Paying tribute to the one and only Dolly Parton, this Australian comedy follows a plucky impersonator swapping the nine-to-five for playing her idol.
By Sarah Ward
November 24, 2022
November 24, 2022

Seriously Red doesn't just get its namesake adhering to Parton's wisdom, whether sung or spoken over the icon's 55-year career. It also splashes the country music queen's adages like "find out who you are and do it on purpose" across its frames as well. They help give the film structure and assist in setting the tone, as this rhinestone-studded movie comedically but earnestly explores two universal struggles. Everyone wants to be true to themselves, and to work out what that means. We all yearn to spend our days chasing our heart's real desires, too. As penned by Boylan in her debut script, and directed by fellow feature first-timer Gracie Otto (after documentaries The Last Impresario and Under the Volcano, plus episodes of The Other Guy, Bump, Heartbreak High and more), Seriously Red spots a big question lurking in these missions for Red, however — because what does it mean when being yourself and scoring your dream gig means being someone else?

When the film begins, Red isn't loving or even liking her lot in life, and definitely doesn't want to keep the status quo on purpose. Tension lingers in her real-estate valuer job and at home, where she's turned her mum Viv's (Jean Kittson, Fat Pizza: Back in Business) garage into a flat — and the daily tumble out of bed and stumble to the kitchen, then to work, is a grind. Even worse, she's tricked into showing up to the company party in her Dolly regalia to be the butt of the office's jokes, although it does get her an in with an impersonator talent agent. Teeth (Celeste Barber, The Letdown) sees an opportunity, Red is willing to take it, and employment and a whole new world follows. Still, Viv can't see how going full Dolly can pay the bills, withholding her support. Also at home, Red's friendship with her best mate Francis (Thomas Campbell, Love and Monsters) feels the strain.

Just like its protagonist, embracing this trip down the impersonator rabbit hole — using a Parton-shaped key and plenty of pluck — is easy for Seriously Red. It revels in the look and feel of all things Dolly from outfits to paraphernalia; if something is adorned in a Parton-esque way, this film will likely always love it, short of the flick becoming a movie version of Dollywood. Plunging into the Copy World happens with just as much spirit and affection, and with gags like Dannii Minogue as a Dannii Minogue impersonator. Trevor Ashley's Barbra Streisand tribute gets a whirl, and everyone from Elton John and Freddie Mercury to Madonna and George Michael scores a doppelgänger. If The Adventures of Priscilla, Queen of the Desert and Muriel's Wedding spring to mind — because movies about taking to the stage in big, camp theatrical displays based around music legends has long been in Aussie cinema's DNA — there's a tangible link to the former courtesy of Oscar-winning costume designer Tim Chappel.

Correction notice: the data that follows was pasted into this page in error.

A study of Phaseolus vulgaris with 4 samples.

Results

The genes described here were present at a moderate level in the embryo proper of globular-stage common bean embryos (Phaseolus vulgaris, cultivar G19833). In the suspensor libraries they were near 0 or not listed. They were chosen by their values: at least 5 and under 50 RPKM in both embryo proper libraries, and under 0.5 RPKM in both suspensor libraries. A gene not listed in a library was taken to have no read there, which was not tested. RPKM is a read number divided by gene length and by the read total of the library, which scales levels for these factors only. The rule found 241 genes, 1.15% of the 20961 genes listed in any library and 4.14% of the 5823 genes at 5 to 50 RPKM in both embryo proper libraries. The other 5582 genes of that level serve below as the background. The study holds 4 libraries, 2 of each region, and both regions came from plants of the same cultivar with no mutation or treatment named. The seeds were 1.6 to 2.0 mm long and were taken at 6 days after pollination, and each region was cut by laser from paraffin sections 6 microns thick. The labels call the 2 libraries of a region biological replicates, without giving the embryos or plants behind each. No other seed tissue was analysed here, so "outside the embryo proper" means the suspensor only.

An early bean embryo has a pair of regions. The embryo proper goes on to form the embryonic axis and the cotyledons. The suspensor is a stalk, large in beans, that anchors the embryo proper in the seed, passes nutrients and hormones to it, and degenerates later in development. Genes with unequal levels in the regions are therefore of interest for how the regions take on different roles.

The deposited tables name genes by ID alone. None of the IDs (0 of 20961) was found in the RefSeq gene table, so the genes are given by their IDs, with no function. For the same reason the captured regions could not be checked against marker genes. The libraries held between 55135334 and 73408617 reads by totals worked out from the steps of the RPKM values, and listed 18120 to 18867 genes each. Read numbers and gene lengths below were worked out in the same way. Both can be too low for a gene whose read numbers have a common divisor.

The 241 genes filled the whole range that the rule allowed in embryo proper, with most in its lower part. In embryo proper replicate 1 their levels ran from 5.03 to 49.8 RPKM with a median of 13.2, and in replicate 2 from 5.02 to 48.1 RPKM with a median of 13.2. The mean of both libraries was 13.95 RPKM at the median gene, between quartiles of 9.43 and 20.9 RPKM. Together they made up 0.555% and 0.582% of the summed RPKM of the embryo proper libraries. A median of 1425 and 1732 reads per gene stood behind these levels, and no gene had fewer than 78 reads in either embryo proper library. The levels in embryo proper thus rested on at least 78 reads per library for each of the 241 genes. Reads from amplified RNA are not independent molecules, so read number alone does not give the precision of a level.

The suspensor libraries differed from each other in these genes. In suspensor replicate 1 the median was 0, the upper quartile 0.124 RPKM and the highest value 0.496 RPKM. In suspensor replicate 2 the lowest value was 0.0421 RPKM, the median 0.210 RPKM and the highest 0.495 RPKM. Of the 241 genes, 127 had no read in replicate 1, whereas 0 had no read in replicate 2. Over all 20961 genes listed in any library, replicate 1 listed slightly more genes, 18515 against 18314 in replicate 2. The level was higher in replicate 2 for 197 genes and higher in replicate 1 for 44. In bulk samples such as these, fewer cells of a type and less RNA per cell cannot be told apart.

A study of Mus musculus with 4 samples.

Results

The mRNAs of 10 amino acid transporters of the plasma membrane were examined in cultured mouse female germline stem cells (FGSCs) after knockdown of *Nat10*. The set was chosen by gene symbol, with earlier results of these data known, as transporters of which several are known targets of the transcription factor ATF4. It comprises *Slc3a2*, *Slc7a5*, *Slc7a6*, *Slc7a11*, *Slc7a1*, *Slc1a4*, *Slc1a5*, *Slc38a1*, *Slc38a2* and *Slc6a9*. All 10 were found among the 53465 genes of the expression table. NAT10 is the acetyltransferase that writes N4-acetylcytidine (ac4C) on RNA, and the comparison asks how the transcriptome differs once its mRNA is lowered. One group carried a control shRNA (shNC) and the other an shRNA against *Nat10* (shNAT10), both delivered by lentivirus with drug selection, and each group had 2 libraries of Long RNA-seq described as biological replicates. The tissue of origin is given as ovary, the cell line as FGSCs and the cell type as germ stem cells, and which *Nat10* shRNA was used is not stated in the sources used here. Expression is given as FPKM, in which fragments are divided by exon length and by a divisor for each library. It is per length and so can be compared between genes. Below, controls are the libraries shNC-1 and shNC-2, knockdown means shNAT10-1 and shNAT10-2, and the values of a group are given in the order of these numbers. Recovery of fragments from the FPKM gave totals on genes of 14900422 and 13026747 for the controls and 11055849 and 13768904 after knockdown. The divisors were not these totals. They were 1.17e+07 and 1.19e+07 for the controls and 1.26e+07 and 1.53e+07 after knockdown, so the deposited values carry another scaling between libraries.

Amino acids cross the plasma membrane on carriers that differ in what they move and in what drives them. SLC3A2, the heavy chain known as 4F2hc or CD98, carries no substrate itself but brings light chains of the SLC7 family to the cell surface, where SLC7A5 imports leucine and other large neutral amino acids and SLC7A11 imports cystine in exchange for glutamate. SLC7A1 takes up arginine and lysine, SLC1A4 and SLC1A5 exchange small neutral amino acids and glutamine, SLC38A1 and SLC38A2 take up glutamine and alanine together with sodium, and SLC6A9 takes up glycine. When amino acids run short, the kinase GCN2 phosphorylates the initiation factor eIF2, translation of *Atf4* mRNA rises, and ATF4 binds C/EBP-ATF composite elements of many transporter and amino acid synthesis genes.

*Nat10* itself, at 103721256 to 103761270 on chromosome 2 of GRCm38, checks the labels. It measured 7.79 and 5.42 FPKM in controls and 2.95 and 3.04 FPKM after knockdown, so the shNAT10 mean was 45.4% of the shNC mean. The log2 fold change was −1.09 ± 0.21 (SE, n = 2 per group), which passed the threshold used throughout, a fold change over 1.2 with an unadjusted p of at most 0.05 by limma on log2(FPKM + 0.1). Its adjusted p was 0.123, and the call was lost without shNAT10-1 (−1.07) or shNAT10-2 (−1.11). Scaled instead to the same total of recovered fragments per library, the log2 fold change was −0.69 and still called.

It should come as no surprise, too, that Boylan's script has Red team up with a Kenny Rogers impersonator (Daniel Webber, Billy the Kid), including to do more than croon 'Islands in the Stream'. In the business, as she flits around the country and even the world busting out her best Dolly, there's no shortage of people who respect the gig — Bobby Cannavale (The Watcher) plays Wilson, an ex-Neil Diamond impersonator-turned-agency owner, as another example — but Seriously Red's Kenny is something else. He lives like his hero 24/7, right down to the attire, locks and facial hair. He's also made 'The Gambler' singer's moniker legally his. And, he's the impetus for Red making a similarly hearty commitment, then also evaluating whether Dolly or Red should actually come first.

Glimmering with the same fantastical vibe that gleefully silly recent new instant comedy classic Barb and Star Go to Vista Del Mar also boasted — cinematographer Toby Oliver lenses both, roving over jewel tones here instead of pastels — there's more verve and attitude than poise to Seriously Red. That always feels fitting. There's a scrappiness to being even the best impersonator, as Red's Parton shows; over and over, she sums up the bulk of the movie. While the film can fall on the awkward side of comic, and its dramatic beats aren't quite in tune (see: Red's conflicts with her family and friends), that can-do attitude keeps shining. Of course a feature about taking a big swing does that itself again and again. Of course a picture about adoring and taking life advice from a legend that has never let anyone else define her, and has proven the epitome of kindness-fuelled resilience over her time in the spotlight, dances to its own song as well. 

Parton's music isn't always as bright as her smile, though, a truth that Seriously Red also works with. This Dolly-approved flick — with her likeness so prominent and her music instrumental, including sung by both Boylan and the artist herself, it couldn't have happened without Parton's seal of approval — grapples with Red's lows as well as highs. It shows the impact that her self-centred behaviour has on others, too, and the way the world often beams anything but sunshine her way. As an actor, Boylan weathers those ebbs and flows with adaptability and commitment. As a performer playing an aspiring performer whose whole routine is based on another performer, she ensures that Red's raw edges are never buffed away. As a writer, Boylan noticeably leans on tropes, but Seriously Red doesn't need to beg its viewers to have an entertaining time.